Jessica Stockholder’s work first caught my eye when I saw images of her Color Jam, a word play on “traffic jam,” installed in a downtown intersection in Chicago in 2012. The installation included sidewalks, streets, buildings, windows and doors. It was a three-dimensional painting, of sorts, incorporating color and texture. Beyond that though, the comings and goings of Chicago’s inhabitants, yellow taxicabs, blue buses etc. augmented the effects of the work.
Stockholder seeks to undermine the preciousness of art. By occupying public spaces she forces interaction and engagement with the work. Visitors, whether they want to or not, become a part of the process and installation. For another work, Flooded Chambers Maid, 2009-10, Stockholder re-imagined a portion of Madison Square Park. Enthused park visitors, environment and weather all interacted with the installation, giving life to an otherwise static work.
Stockholder’s indoor installations are equally as provocative. Incorporating everyday items into sculptures and assemblages, the works become amalgamations of seemingly random things. Upon closer inspection, however, the items are hardly random at all. Rather they create a context that often tells a story. There is also an architecture to her installations that is chaotic and almost overwhelming. Often they threaten to take-over the entirety of whatever space they occupy, inhabiting floors, ceilings, windows, doors and walls . And yet, again, there is a sense of careful consideration with regard to formal aspects of the work; color and composition are hardly arbitrary.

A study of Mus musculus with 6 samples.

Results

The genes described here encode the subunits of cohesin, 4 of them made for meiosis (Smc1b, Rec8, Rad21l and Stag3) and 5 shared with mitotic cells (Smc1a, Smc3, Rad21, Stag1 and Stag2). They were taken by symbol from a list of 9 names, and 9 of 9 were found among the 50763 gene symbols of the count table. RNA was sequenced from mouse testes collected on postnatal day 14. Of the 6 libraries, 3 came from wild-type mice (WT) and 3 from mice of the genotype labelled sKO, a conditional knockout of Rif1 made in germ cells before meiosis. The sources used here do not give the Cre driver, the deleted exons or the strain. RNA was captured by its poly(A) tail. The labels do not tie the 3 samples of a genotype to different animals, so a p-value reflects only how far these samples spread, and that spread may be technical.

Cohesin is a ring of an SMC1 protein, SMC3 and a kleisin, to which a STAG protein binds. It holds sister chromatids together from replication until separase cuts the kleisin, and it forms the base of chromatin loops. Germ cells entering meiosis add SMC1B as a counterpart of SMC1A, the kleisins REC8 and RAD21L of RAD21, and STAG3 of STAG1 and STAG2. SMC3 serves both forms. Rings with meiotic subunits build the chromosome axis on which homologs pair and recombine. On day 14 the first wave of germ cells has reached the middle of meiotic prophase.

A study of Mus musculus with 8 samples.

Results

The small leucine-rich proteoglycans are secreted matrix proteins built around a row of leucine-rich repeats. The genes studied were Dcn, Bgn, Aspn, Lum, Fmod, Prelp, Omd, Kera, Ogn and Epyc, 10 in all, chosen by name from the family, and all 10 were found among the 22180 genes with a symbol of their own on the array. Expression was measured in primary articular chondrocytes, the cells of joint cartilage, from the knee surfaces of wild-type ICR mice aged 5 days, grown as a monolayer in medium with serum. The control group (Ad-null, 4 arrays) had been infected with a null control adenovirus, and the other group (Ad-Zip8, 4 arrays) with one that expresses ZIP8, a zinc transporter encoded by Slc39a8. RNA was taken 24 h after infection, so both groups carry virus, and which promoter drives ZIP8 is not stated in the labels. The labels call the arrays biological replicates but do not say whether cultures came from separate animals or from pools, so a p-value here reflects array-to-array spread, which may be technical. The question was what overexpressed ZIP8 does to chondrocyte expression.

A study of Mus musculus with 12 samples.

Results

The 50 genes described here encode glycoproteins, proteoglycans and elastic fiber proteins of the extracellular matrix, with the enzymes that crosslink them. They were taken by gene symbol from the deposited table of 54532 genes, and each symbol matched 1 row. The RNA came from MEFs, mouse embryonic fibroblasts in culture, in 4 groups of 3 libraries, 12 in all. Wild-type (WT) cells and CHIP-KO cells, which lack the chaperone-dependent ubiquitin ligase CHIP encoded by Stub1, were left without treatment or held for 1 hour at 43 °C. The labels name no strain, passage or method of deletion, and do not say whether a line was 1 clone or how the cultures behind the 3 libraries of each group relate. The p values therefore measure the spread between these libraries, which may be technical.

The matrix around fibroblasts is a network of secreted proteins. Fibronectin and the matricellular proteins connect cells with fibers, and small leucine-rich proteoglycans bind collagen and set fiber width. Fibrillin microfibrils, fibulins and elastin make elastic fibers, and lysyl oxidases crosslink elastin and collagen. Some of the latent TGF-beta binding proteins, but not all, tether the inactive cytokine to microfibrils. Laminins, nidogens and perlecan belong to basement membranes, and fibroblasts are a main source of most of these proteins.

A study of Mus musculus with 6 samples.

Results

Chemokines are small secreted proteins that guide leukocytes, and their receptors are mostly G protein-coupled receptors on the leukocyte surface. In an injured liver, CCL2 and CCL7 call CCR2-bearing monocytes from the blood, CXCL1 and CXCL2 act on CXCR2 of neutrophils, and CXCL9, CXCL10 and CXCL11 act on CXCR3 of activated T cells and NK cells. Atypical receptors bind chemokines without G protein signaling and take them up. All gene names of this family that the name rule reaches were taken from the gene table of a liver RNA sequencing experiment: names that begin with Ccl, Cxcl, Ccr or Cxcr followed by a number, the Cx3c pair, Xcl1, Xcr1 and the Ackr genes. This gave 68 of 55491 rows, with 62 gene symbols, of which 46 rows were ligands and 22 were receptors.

As critic Daniel Baird declared in an article about her, Stockholder’s works are a kind of “stand-up performance.” In her own words, Stockholder says, “The installation work won’t exist past the end of the show. In a way, it’s a very slow performance. Not very much
happens here; everything is kind of still and static. It has a beginning, a middle, an end, and it’s over. It’s a material performance.”